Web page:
I am really, really grateful to Nick Clegg.
This startling, counterintuitive thought popped into my head as I sat in my first local Labour Party AGM for about thirteen years. (Yes, I’m sorry, thirteen years. How lame is that?)
Meetings tend to take me into a world of my own. I can never shake free of that cartoon which says “Feeling lonely? Arrange a meeting.” How had I got here? Why wasn’t I at home watching Corrie, or doing something useful like grooming the cat?
In part, it’s the Tories. I loathe them. And every day that loathing grows. The veneer of Cameron’s PR makeover has long gone. Behind the gloss of husky rides and cycling to work, the Nasty Old Tories are emerging.
This was exemplified by two incidents this week:
Cam losing his temper at PMQs and Osborne stooping to a new low during Treasury Questions as he sneered at Ed Balls’ stammer. There are, of course, more serious matters than manners, which, clearly, they don’t teach at Eton: most notably the lack of understanding for what their reckless and unnecessary cuts mean for local communities. In my city, we are losing 70 of our 79 youth workers; around half of our libraries are being cut; all of our youth clubs are being shut. And that’s just for starters.
All this is despicable and distressing, but it’s what I expect from them.
It’s Clegg’s role in this that’s acted like a boot up the backside and which had propelled me into a stuffy room above a local working man’s club for a meeting after a day being paid to sit in - you guessed it - meetings.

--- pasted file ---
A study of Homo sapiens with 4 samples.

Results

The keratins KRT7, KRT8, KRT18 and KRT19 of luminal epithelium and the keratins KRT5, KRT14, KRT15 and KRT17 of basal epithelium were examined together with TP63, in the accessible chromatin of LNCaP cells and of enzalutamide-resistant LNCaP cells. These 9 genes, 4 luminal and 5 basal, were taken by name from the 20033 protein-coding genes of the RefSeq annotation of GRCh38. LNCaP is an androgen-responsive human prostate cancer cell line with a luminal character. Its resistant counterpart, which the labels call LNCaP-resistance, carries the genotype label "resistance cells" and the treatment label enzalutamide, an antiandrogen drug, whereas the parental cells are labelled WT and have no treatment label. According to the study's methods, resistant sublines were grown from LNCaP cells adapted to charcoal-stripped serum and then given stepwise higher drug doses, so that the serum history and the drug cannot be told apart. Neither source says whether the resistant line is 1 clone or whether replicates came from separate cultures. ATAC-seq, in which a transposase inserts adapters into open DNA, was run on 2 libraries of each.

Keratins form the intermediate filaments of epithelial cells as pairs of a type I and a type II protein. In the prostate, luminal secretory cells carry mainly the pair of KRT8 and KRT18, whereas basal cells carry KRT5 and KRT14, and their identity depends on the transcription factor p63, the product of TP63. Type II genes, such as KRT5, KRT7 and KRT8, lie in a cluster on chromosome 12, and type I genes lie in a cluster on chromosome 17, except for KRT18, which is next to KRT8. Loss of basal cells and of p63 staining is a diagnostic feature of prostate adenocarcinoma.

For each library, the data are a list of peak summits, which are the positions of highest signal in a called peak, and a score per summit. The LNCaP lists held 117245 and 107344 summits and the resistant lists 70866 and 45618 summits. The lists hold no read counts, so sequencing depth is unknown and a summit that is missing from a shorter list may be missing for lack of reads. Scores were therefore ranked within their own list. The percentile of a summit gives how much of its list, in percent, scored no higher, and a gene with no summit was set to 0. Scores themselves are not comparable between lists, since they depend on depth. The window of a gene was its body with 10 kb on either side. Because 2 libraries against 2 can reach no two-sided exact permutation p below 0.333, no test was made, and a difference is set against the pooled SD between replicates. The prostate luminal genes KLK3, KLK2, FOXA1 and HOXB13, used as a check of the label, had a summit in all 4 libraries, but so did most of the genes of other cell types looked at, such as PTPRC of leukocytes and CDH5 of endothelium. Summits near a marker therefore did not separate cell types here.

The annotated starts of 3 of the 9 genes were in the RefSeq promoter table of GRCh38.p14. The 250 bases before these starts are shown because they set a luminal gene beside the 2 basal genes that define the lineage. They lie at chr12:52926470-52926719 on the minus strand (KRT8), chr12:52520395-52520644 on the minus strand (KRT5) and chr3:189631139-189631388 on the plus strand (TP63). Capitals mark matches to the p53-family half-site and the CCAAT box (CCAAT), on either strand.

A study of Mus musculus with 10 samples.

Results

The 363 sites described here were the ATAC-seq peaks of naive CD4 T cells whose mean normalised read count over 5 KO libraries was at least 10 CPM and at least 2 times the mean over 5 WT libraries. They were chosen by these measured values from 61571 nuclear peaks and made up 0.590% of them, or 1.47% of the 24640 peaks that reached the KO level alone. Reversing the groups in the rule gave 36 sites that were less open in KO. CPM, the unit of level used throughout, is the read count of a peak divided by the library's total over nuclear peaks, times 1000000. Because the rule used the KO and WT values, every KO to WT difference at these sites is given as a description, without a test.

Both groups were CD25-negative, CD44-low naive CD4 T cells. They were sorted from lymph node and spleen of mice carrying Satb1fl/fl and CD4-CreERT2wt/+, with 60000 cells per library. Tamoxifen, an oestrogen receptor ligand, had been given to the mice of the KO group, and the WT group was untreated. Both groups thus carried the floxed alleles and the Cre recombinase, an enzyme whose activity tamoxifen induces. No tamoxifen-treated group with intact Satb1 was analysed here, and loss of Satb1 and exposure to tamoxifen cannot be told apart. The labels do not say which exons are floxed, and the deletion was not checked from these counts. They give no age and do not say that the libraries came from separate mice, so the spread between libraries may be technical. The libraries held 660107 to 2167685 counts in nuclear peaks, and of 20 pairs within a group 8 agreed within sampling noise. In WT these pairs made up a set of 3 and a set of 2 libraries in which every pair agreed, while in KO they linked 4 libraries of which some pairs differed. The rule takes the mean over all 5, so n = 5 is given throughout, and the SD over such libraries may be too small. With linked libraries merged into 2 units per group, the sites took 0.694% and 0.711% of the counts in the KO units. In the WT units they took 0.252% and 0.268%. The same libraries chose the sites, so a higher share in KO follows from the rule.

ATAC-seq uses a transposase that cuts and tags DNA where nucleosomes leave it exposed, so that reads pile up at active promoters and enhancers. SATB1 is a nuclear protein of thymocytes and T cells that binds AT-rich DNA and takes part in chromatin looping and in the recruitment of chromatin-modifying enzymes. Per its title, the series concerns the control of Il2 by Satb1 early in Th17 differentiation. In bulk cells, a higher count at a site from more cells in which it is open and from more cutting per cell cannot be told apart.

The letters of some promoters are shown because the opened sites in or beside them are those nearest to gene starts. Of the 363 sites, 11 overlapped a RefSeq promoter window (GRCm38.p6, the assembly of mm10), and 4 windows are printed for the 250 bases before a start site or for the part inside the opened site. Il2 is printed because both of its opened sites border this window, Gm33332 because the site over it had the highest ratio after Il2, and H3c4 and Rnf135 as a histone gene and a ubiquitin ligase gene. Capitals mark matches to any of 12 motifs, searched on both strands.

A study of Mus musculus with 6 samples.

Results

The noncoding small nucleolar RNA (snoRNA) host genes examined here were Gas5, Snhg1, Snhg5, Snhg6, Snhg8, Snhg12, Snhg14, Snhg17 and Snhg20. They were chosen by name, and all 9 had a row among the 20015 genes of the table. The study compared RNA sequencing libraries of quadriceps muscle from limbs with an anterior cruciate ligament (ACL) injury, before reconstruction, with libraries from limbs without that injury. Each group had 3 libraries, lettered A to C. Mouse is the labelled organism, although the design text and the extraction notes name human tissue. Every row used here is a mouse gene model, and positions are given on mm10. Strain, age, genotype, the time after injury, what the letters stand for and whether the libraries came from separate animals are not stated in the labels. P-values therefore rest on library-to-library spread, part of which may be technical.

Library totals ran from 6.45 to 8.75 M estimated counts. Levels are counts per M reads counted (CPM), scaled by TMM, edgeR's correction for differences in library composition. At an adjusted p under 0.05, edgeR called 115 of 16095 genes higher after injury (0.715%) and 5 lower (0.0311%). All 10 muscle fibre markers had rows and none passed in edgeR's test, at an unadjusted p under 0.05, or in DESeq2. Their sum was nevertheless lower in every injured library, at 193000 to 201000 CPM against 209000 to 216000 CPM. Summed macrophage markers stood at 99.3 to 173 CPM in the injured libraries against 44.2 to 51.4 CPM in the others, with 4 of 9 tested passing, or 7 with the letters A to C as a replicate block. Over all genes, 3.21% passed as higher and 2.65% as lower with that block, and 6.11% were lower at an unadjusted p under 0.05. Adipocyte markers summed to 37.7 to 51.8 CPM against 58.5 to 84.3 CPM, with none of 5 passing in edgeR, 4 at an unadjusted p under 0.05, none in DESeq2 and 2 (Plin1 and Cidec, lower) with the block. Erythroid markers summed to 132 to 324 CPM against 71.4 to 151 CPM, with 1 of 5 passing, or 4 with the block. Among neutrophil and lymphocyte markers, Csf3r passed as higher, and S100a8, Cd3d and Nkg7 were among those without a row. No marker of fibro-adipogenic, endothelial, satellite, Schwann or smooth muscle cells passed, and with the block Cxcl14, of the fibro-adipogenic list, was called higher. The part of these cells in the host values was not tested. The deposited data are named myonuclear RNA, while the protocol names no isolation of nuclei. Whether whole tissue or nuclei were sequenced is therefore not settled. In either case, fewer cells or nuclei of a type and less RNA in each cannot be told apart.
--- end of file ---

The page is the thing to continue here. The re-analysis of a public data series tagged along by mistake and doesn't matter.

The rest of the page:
I well remember Clegg’s visit to my university before the election and his wooing of my students who were not, I suspect, aware that they were signing up to a host of cuts that would disproportionately affect them and their life chances. As one student has since said to me, “lie to the adults by all means, but not to the young uns.” They deserve credit for their refusal to descend into cynicism, taking to the streets instead.
As the AGM moved through its business, the vision of Clegg appeared, like Banquo, dripping in blood. Not really. His spectre shuffled about looking embarrassed in a Hugh Grant kind of way.
Without Clegg, I suspect I wouldn’t be doing this. If you’d told me this time last year that the Lib-Dems would be forming a government with the Tories, I’d have laughed.
But they did, and here I was, having slunk into the meeting after an absence that makes that of the prodigal son look like a matter of minutes.
I felt like I’d come home.
That sounds romantic. It is. I am sure that, as with my family, there are people in the local party who will drive me mad in the coming months and years (and if push came to shove I could probably have gone round the table and identified those most likely to take up that mantel). But it felt good to sit with a group of people who shared the need for a powerful response to the cuts being introduced; who are trying to find ways of working for and representing their local community.
There’s a weight of responsibility on Labour now that we are the only progressive party. For me, that means putting my money where my mouth is and getting involved.
There’s a cheesy 1980s film called Re-Animator, in which a student and his girlfriend seek to reanimate the dead. If I think about my activist past – or the lack of it – the role assigned to Clegg could not be clearer.
Thanks, Nick. I would be so much the poorer if I weren’t doing this.
Now, if Clegg is the Re-Animator, does that make me the undead cat?